Trending Topics

Ohio launches foam takeback program to destroy PFAS

The $3M initiative has led fire departments to turn in hundreds of gallons of AFFF


By Sydney Dawes

COLUMBUS, Ohio — A $3 million statewide initiative to collect and destroy stockpiled firefighting foam containing hazardous per- and polyfluoroalkyl substances (PFAS) has seen Fairborn, Sugarcreek and Bellbrook fire departments turn in hundreds of gallons of the toxic foam.

The new Aqueous Film Forming Foam (AFFF) Takeback Program — the first of its kind in the country — is operating in partnership between the Ohio Environmental Protection Agency ( EPA ), State Fire Marshal’s Office and science and technology company Battelle.

“This foam was created to fight, smother flammable liquid fires,” said Ohio Gov. Mike DeWine at a press event at Wright State University’s Calamityville campus on Monday. “But after the flames go out, unfortunately the PFAS chemicals remain. They get into the soil, they run off into water and they threaten the health of firefighters who regularly risk their own lives for the safety of others.”

PFAS are a group of powerful, toxic chemicals created to be resistant to heat and other elements. PFAS are very difficult to break down due to their chemical composition, which consists of strong bonds of fluorine and carbon atoms. For this reason, they are often referred to as “forever chemicals.”

In 2022, the Ohio governor signed a law to ban the use of AFFF at firefighting training centers, a bill first introduced by state Rep. Phil Plummer, R- Butler Twp.

DeWine said that any fire department in the region can turn in containers of the foam to the Calamityville location to safely dispose of it, free of charge, during Ohio EPA collection events.

The Calamityville campus was formerly a cement factory that was remediated through the state’s environment agency, Ohio EPA director Anne Vogel said. There will be one collection event in every region of the state.

The state’s EPA director estimated that nearly 40,000 gallons of the toxic foam remain stockpiled throughout Ohio.

“We have been focused on PFAS,” she said. “Following the science, doing the testing of our public water systems, and now here we are able to actually collect this material from fire departments across the state.”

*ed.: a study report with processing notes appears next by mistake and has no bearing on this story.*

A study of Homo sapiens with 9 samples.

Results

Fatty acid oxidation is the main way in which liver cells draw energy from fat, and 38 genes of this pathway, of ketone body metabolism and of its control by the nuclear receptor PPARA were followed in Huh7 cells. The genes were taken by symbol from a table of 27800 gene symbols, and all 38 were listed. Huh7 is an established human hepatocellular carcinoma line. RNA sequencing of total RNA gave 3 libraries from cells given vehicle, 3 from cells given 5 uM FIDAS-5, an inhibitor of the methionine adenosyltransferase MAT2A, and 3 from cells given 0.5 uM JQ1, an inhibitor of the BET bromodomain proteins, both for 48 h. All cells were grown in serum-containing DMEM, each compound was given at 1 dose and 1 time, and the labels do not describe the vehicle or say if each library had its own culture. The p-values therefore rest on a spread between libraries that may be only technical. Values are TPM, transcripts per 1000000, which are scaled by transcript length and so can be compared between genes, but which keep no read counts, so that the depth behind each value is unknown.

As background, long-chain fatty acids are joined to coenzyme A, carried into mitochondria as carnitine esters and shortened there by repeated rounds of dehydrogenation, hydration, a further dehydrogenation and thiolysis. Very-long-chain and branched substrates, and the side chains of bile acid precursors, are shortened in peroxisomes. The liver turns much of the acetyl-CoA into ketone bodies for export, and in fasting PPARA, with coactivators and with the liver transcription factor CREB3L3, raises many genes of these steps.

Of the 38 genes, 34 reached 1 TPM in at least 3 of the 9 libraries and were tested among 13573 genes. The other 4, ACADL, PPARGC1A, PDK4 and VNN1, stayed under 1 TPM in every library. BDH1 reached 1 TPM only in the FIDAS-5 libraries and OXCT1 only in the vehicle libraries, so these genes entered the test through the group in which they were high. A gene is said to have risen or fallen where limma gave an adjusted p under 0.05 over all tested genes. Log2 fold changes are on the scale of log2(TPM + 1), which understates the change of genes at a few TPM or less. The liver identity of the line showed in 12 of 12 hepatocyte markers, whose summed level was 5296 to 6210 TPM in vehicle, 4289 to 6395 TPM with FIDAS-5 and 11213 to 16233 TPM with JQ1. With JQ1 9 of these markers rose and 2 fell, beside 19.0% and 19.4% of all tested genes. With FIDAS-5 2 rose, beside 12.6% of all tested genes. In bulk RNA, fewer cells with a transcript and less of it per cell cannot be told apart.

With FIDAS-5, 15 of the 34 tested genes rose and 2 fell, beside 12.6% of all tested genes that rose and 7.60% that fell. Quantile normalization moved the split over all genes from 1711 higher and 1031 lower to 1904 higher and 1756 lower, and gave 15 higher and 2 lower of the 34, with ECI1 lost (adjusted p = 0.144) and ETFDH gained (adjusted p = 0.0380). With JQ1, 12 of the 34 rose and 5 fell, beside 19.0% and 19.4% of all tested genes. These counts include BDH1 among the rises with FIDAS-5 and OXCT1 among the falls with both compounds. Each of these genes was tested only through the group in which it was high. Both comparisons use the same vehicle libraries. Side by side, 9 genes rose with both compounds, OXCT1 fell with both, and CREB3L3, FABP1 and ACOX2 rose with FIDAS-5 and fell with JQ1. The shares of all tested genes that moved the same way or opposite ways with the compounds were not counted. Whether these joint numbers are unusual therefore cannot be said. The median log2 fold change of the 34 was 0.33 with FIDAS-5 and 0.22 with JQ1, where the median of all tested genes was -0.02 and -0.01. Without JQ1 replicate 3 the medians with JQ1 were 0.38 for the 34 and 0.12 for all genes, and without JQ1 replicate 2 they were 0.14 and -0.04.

State Fire Marshal Deputy Chief Richard Sudler said that for years, AFFF had been the cornerstone of fire departments’ fight against flammable liquid fires. But the discovery of the health and environmental impact of forever chemicals has raised “significant concerns,” he said.

He applauded the program, saying it will create a “cleaner and safer future.”

“By eliminating the stockpile of AFFF, we are taking a critical step towards safeguarding our water sources and preserving the wellbeing of our communities,” Sudler said.

Through the program, AFFF is exposed to supercritical water oxidation, which effectively destroys AFFF and PFAS-contaminated wastewater to non-detectable levels. The technology used in the program was produced by science and technology company Batelle after nearly 20 years of research into PFAS.

Research shows PFAS have links to a few kinds of cancer, thyroid dysfunction, reproductive harm and other health concerns.

A Dayton Daily News investigation found that 15 of the region’s public water systems, which supply drinking water to hundreds of thousands of residents, have levels of PFAS that exceed a new legal limit of 4 parts per trillion (ppt) for the group of chemicals.

A major contributor to groundwater contamination from PFAS in this area is runoff from firefighting foam used over decades at Wright-Patterson Air Force Base and the Dayton International Airport because of its ability to extinguish jet fuel fires. This is one reason PFAS levels are particularly high under the base, water quality experts have said.

The takeback project is funded with settlement money that Ohio received as part of the state’s polychlorinated biphenyl (PCB) enforcement case against Monsanto, which was filed by then-Attorney General DeWine in 2018.

(c)2024 the Journal-News (Hamilton, Ohio)
Visit the Journal-News (Hamilton, Ohio) at
Distributed by Tribune Content Agency, LLC.